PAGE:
In 1980, I had the opportunity to interview Louis Auchincloss. Known for his novels about New York’s traditional elite, Auchincloss also maintained a successful and sophisticated trusts and estates practice. In fact, I interviewed him in his corner office on Wall Street. His thoughtfulness, dignified manners, Brooks Brothers clothing, and elegant office stuck in my mind over the years as an illustration of top-drawer T & E.
It came as a surprise to me over thirty years further down the road to learn that the white-shoe Manhattan firm of Debevoise & Plimpton was eliminating its T & E practice. It turns out that Debevoise & Plimpton is only the latest big firm to take this step. Weil, Gotshal & Manges and also Gibson, Dunn & Crutcher, among other big firms, have also in recent years done the same.
Why are the big firms ending their involvement with T & E? According to the analysts, T & E is an uncomfortable fit in the emerging big-firm business model. Genteel and personalized, the T & E practice of somebody like Louis Auchincloss cannot assign large numbers of junior associates and run up the tab in the process. Drafting wills and trusts generates fewer billable hours and profit than big-time litigation, corporate bankruptcies, and mergers and acquisitions.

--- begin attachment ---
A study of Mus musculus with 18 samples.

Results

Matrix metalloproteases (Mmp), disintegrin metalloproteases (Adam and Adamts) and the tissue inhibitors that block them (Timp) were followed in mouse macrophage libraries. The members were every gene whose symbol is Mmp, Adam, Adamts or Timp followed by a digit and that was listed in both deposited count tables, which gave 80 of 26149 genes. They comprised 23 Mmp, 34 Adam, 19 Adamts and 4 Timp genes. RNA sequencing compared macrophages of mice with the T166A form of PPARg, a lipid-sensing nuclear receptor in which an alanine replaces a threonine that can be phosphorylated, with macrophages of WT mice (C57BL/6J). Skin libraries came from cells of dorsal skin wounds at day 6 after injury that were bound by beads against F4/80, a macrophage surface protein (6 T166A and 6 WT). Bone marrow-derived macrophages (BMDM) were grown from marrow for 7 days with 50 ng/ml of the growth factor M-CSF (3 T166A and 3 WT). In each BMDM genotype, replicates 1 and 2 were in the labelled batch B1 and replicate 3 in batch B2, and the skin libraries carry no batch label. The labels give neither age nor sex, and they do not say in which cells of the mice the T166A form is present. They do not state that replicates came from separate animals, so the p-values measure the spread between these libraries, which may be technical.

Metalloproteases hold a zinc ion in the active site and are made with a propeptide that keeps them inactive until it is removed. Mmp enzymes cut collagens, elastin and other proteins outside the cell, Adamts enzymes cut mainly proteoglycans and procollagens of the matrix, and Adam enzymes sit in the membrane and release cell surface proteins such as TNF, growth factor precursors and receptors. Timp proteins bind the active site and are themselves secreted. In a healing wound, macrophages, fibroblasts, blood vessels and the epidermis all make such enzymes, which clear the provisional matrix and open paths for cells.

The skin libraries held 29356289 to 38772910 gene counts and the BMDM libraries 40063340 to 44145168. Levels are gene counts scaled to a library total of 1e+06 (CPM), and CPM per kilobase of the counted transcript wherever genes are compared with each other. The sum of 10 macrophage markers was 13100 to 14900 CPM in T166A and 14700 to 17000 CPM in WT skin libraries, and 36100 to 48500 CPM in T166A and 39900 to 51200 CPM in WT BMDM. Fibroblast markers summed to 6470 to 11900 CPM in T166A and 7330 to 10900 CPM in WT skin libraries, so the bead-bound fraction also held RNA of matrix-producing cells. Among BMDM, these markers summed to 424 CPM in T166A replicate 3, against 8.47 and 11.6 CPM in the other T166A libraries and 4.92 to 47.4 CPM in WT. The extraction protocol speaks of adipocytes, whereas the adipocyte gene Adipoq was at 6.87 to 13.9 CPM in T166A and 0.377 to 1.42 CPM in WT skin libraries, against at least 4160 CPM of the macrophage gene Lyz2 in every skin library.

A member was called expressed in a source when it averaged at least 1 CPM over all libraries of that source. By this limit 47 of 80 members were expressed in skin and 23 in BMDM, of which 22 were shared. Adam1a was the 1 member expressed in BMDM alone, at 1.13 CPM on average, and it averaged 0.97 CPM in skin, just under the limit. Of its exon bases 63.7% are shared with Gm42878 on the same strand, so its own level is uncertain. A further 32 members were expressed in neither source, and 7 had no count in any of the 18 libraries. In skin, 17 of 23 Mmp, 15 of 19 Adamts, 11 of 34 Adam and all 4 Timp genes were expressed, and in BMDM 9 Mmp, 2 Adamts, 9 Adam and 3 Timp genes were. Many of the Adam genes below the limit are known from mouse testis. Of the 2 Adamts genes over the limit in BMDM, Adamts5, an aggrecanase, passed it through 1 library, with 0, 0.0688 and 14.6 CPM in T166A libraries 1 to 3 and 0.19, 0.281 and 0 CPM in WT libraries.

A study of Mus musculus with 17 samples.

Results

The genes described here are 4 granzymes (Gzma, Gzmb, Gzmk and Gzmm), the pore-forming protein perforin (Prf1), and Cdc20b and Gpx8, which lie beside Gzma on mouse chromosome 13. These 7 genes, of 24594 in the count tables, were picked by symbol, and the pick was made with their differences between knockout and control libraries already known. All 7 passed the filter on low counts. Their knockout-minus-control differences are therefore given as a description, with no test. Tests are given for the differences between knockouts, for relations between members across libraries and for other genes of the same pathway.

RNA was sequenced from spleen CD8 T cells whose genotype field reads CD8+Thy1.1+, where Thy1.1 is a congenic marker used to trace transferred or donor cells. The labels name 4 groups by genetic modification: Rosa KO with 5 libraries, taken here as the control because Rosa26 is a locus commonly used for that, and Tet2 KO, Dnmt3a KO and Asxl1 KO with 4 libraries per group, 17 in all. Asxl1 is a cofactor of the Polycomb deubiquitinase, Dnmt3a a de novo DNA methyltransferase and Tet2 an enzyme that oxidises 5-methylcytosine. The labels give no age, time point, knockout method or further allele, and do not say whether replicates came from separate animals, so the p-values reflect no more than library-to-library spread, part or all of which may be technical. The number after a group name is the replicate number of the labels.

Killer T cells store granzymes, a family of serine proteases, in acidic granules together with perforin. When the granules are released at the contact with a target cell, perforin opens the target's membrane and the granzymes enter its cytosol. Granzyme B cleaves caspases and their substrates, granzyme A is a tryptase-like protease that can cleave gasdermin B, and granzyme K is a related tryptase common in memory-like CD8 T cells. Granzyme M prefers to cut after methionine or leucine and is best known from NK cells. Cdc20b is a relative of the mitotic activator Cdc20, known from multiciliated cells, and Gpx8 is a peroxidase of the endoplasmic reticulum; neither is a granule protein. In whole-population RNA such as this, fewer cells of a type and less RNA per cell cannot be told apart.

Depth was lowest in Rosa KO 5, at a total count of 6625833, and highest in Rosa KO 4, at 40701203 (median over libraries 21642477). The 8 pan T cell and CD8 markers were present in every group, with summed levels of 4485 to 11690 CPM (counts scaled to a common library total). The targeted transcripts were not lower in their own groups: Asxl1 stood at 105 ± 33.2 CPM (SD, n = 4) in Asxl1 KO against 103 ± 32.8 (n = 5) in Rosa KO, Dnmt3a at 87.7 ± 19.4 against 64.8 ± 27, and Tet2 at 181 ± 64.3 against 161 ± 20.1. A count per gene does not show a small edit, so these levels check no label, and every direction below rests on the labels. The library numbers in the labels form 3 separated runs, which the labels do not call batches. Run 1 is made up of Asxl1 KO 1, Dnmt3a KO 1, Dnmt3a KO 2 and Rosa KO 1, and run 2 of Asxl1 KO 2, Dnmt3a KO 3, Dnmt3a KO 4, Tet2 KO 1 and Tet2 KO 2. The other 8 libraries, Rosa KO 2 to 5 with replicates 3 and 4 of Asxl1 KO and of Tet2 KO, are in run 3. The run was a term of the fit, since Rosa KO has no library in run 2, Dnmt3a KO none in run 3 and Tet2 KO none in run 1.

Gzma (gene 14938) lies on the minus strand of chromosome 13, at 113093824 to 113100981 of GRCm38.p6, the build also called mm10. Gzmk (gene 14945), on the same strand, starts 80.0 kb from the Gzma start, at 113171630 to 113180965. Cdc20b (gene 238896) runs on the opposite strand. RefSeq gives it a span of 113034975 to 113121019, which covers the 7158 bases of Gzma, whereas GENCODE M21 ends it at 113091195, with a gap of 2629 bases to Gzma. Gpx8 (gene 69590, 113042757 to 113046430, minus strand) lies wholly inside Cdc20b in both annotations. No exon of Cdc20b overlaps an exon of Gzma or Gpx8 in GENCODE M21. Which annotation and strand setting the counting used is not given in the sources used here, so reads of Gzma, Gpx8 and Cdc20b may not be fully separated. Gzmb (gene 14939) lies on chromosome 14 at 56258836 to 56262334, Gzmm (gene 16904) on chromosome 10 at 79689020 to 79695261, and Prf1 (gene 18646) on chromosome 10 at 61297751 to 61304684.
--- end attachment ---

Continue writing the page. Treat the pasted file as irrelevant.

The contemporary legal profession has its share of problems, but the elimination of big-firm T & E practice underscores the problem that is perhaps the most troubling. Namely, the market economy is swallowing up the legal profession. Every day, we see the practice of law becoming just a business. If legal educators share my perception and are troubled by it, we might reduce skills training and hold off teaching law students “to hit the ground running,” that is, graduate ready to make a buck. Legal educators might instead redouble efforts to teach ethics, honor professional norms, and endorse genuine humanistic values. These are the features of professionalism that distinguish it from unbridled profit-seeking.